ALEX MCCUAIG | MEDICINE HAT NEWS
It's a crime many in Medicine Hat would like the city to turn the page on. But the sensational nature of a 12-year-old being convicted of triple murder along with her 23-year-old boyfriend will likely not let that happen.
And while there continues to be a media spotlight on the crime, two Victoria-based playwrights have put the finishing touches on documentary play about the murders of a Medicine Hat family and those affected by the fallout.
"Castle in the Sky," by sister and brother team Francesca Albright and Jude Allen, made its first public presentation during a staged reading at Victoria's Intrepid Theatre last week with the News in attendance. The play has been picked up by Sage Theatre and will have its premiere at
Calgary's Pumphouse Theatre between June 14 and 16 during the Ignite! Festival spotlighting new works. Dates and times are still to be finalized.
Based on interviews done with friends of the accused and victims as well as former News reporters James Neely and Nicole Riva, the play is presented in a documentary style, using the verbatim words of those interviewed.
Unlike most plays, "Castle in the Sky" takes directly from these interviews, leaving the creative process in the editing of the words of those the playwrights spoke to over the course of interviews in 2006 and 2007.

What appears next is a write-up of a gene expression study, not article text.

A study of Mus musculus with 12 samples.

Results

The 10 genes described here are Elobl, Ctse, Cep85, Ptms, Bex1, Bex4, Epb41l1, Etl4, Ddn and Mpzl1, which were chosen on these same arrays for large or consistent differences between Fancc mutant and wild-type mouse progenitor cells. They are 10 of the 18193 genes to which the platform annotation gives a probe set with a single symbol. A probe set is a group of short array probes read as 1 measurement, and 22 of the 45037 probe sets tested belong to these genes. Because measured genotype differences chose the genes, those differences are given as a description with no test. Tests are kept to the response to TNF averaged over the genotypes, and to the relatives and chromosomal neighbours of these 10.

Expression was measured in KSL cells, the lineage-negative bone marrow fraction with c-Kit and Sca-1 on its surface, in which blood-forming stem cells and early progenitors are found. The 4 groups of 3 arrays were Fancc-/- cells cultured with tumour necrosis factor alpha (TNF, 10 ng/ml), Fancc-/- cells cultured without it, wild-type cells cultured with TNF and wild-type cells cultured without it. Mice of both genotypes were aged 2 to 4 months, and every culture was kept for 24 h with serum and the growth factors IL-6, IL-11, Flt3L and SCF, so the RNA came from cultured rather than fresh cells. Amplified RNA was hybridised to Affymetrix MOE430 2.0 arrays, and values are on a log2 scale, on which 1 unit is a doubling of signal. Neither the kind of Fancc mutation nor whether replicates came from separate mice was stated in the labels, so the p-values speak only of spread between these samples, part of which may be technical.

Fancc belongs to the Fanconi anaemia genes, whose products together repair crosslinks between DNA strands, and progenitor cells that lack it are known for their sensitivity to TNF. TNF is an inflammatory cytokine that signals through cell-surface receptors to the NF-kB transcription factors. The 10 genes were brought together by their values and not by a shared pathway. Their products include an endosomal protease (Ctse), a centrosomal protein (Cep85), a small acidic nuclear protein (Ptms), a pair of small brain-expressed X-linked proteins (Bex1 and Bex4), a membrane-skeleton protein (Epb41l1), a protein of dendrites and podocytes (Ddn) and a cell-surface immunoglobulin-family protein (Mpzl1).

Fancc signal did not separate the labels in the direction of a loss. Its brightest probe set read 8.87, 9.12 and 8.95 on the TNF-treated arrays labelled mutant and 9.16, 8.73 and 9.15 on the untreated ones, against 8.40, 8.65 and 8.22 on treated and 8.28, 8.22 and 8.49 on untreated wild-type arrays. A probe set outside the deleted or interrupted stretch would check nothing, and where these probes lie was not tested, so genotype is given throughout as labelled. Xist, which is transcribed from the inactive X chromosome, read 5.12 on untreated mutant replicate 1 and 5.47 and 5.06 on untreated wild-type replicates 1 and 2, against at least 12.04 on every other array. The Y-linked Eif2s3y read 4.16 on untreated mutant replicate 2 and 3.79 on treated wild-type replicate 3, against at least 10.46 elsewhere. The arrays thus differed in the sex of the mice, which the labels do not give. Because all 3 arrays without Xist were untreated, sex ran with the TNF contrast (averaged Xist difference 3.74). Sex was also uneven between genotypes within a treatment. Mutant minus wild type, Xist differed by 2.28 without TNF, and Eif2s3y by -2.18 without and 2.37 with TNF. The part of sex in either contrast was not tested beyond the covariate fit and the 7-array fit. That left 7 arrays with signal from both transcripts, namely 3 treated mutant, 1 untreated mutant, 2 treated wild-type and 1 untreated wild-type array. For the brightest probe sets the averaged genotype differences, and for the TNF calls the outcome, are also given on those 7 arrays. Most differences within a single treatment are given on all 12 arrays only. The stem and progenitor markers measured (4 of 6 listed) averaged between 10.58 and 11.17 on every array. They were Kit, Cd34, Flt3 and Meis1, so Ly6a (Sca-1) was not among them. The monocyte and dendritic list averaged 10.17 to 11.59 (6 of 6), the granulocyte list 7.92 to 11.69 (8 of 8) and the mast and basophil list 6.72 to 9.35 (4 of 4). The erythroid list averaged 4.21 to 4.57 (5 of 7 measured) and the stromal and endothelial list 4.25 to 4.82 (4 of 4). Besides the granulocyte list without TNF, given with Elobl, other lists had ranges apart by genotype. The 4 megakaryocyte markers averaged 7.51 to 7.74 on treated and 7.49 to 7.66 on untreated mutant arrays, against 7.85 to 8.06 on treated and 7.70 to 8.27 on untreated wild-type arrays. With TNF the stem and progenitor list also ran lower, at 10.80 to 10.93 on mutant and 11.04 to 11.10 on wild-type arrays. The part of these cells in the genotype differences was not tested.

While a plethora of media reports, Internet chatter and a book have painted a detailed picture of the events in the days leading up to and following April 23, 2006, the play exposes some overlooked details.
For those who have followed the story closely, the play offers a point of view which has yet to be seen and gives fresh insight into the much analyzed crime.
As for the presenting the material as a play rather than a documentary film, Albright said this format allowed the playwrights more access to those involved with the victims and murderers.
"A lot of the stuff in the newspapers and the way things were portrayed - I've never been a Goth kid or persecuted like that - but I thought it was sensationalized," said Albright. "I felt that because everyone was so fearful and it was so shocking a lot of the things focused on and reported on pulled away from the actual events."
She said the purpose of the play is not to explain why these events happened but to examine the effects on those close to the victims and the couple who murdered a father, mother and their eight-year-old son.
"We spoke to so many parents whose lives were turned inside out - people who didn't have any relations with those involved," said Albright.
"A lot of things can't be fixed. But in the words of one of the characters in the play, 'what have we missed here?'"
Co-author Allen said he and his sister
worked hard to present the stories of those individuals in a way which
would add light to the murders.
"We skirted the issue for a long time," said Allen, adding they had left the story on the shelf for awhile as the two young playwrights acquired the skills they felt necessary to develop the story.
He described the murders as a sort of quicksand that sucks people in the more one moves through the testimonials of those involved.
"I use that analogy because of the eight months we spent getting to know these people ... these people became everything to us."
"I would wake up troubled," said Allen of times working on the play, "I haven't been able to have one of those peaceful sleeps in a long time."